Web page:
Photo credit: Dan Winters

'Lost Generation' — They may be lost, but they are not hopeless

I encourage everyone to see this Cincy Fringe performance. Especially the African American community. This is a message we need to hear. Also, this group does not perform the same routine every time. The more…

I encourage everyone to see this Cincy Fringe performance. Especially the African American community. This is a message we need to hear. Also, this group does not perform the same routine every time. The more times you see it, the more messages you will receive.

“Lost Generation” is led by Siri Imani. I have watched this poet perform with her group Blvck Seeds. Her voice is soft and strong. Her cadence is conversation. It’s not that she is talking at you, she is talking with you, even though she knows you are not going to respond. She laughs. She smiles. She frowns. Her eyes convey her emotions right into yours. Her passion becomes your passion. Honestly, after listening to her, you do not feel the same.

The performance was a mix of spoken word, interpretive dance, soulful singing and a little bit of rapping. Some pieces were accompanied by the MyCincinnati Youth Orchestra, with violins, violas, cellos and a bass. They did wonderful.

The whole act takes place in the basement of a church. Seating is perfect. It’s close and personal. Sometimes the sounds from the orchestra overpowers the voices of the poets, but they play off each other with signals and know how to reel it back. It’s a great relationship they have.

Photo credit: Dan Winters

Once they begin, a statement on a screen reveals that Millennials have the highest depression rates. I work with kids on a professional and personal level, and this is something that I can believe. Siri Imani speaks about social anxiety and how healing and growth are needed. She paints a picture of a girl, glassy eyes, no smile, in public but shy. She is trying to get out of her comfort zone, trying to embrace others, but it’s hard. She may look standoffish, and people are ignoring her, but she is struggling to be with the crowd. To be what is considered “in.” How does Siri know this? Well she is staring at that girl in the mirror. It’s her. This moment is something I am sure everyone can relate to. I can say that girl has been me before.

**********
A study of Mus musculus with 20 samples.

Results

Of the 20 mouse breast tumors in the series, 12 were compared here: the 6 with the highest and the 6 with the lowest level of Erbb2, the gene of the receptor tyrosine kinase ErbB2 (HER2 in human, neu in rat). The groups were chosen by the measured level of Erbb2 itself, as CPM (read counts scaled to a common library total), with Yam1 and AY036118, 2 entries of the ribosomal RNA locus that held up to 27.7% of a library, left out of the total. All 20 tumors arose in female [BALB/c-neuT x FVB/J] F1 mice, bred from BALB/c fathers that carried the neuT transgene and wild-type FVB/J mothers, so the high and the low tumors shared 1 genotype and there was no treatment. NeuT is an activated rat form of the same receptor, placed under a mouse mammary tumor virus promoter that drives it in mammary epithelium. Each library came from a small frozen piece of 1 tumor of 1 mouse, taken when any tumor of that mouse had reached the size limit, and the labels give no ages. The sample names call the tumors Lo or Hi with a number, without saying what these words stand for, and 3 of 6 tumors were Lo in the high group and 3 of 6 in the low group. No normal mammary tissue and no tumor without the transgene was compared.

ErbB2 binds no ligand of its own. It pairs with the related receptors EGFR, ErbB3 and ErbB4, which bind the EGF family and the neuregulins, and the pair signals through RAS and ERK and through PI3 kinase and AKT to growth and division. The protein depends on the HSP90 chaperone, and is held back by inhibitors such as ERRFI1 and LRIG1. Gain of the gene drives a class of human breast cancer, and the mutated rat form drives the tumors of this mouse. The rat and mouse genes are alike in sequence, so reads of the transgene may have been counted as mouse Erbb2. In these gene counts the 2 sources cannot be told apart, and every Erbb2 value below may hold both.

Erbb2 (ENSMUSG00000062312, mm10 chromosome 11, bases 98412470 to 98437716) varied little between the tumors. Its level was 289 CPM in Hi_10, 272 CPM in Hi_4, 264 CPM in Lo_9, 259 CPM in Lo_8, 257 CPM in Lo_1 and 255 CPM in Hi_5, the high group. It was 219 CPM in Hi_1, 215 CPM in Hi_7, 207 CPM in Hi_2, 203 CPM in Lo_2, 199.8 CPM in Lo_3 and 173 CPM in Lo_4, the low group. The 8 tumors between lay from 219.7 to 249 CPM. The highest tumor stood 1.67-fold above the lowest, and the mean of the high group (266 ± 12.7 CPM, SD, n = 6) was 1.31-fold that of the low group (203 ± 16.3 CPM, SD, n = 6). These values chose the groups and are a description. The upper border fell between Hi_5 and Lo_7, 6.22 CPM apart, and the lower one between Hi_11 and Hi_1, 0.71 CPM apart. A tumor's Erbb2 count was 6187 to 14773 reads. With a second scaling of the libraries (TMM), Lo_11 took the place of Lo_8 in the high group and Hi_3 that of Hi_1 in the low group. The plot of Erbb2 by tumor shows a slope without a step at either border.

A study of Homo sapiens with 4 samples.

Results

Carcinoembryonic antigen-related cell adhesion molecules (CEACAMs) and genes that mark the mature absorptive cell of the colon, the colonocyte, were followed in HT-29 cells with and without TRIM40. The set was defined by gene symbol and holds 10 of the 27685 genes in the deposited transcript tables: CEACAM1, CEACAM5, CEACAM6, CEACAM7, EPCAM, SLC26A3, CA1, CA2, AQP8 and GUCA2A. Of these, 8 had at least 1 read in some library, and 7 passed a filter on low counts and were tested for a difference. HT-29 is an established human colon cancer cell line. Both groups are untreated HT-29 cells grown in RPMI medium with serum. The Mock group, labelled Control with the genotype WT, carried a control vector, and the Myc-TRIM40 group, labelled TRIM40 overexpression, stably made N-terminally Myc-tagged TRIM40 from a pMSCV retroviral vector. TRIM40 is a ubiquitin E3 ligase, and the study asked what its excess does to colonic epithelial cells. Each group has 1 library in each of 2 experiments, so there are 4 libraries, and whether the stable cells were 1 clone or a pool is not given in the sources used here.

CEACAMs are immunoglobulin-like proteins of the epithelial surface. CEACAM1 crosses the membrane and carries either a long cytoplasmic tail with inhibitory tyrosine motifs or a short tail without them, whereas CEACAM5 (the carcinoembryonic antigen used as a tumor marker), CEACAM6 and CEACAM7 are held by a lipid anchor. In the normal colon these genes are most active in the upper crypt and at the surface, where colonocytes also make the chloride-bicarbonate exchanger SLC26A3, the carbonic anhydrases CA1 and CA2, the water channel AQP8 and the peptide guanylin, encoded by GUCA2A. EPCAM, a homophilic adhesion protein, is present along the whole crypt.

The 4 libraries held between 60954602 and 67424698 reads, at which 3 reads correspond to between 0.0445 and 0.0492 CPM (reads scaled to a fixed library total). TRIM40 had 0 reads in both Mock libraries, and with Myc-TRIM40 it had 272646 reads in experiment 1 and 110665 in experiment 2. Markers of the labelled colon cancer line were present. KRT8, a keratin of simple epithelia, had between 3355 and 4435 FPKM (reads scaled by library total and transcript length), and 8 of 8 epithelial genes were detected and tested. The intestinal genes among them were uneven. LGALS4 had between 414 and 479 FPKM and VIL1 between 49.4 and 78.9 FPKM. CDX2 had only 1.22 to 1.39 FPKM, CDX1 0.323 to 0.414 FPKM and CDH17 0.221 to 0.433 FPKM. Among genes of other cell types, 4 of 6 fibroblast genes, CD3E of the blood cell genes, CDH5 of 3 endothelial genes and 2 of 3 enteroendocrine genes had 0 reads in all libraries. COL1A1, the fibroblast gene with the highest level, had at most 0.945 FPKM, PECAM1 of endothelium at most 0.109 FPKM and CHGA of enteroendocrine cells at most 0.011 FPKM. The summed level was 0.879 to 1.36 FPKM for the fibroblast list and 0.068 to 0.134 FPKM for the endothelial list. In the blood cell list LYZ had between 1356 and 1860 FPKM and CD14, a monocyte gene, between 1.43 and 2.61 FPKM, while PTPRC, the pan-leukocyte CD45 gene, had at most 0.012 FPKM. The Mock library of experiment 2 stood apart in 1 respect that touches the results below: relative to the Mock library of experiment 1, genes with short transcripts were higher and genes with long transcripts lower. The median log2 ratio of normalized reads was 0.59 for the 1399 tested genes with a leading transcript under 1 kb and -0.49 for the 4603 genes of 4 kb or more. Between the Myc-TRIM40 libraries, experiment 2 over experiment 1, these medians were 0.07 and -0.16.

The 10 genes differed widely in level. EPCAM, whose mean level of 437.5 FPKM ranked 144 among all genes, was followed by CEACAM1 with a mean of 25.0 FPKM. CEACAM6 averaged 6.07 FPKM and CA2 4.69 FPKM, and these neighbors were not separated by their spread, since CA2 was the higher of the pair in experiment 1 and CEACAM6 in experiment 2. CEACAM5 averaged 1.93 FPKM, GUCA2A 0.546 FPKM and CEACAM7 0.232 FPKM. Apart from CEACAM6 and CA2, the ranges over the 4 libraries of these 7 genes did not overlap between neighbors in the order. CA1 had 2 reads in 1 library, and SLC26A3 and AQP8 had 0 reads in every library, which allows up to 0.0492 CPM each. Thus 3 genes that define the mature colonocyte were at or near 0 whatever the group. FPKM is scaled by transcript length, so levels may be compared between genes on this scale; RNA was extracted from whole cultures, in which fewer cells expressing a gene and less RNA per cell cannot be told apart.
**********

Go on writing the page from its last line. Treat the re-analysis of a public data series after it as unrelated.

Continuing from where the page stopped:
Another spoken word artist comes up and speaks about the information being fed to Millennials from the school system. You feel his frustration as his voice accelerates and his words run together. He speaks of the diluted information being taught. Kids are caught between supposed leaders and skeptics. People survive by living in their own delusions. Every time this poet takes a pause, you can tell it is not because he is out of breath. It’s like he is looking for an answer. An answer he should have received from a teacher, a leader — someone.

More performances come forth, including singing, rapping and some references to Erykah Badu. All voices are booming and beautiful. Your ears and eyes are at attention and focused. Your mind is following the various melodies.

Photo credit: Dan Winters

The dance portion consisted of two gentlemen and told a story of confinement. One gentlemen starting off in a straight jacket. The man danced in a serious a strong, but slow motions. Almost like krumping. He kept the man down close to the ground so he could not get out of the straight jacket. Finally, he breaks free and gets the jacket off and beging a series of breakdance power moves. It reminded me that in any place in your life, school, work, friends, family don’t let anyone keep you confined to the person they think you are or who you want to be. Break free and be yourself.

The consistent theme throughout this performance is that Millennials resist social constructs. They cannot be controlled. They may be a lost generation, but they are not hopeless. They are doing their best to escape their fears, depression and environment, through the art of song, words and dance.

Marissa Staples is a Cincinnati published author and writer for The Voice of Black Cincinnati. She developed her love of arts from her mother, Kandi. Being a native of Cincinnati, she loves to travel. If she is not traveling, you can find her reading, writing, volunteering or drinking wine. Wine always brings smiles, friends and creative dialogue.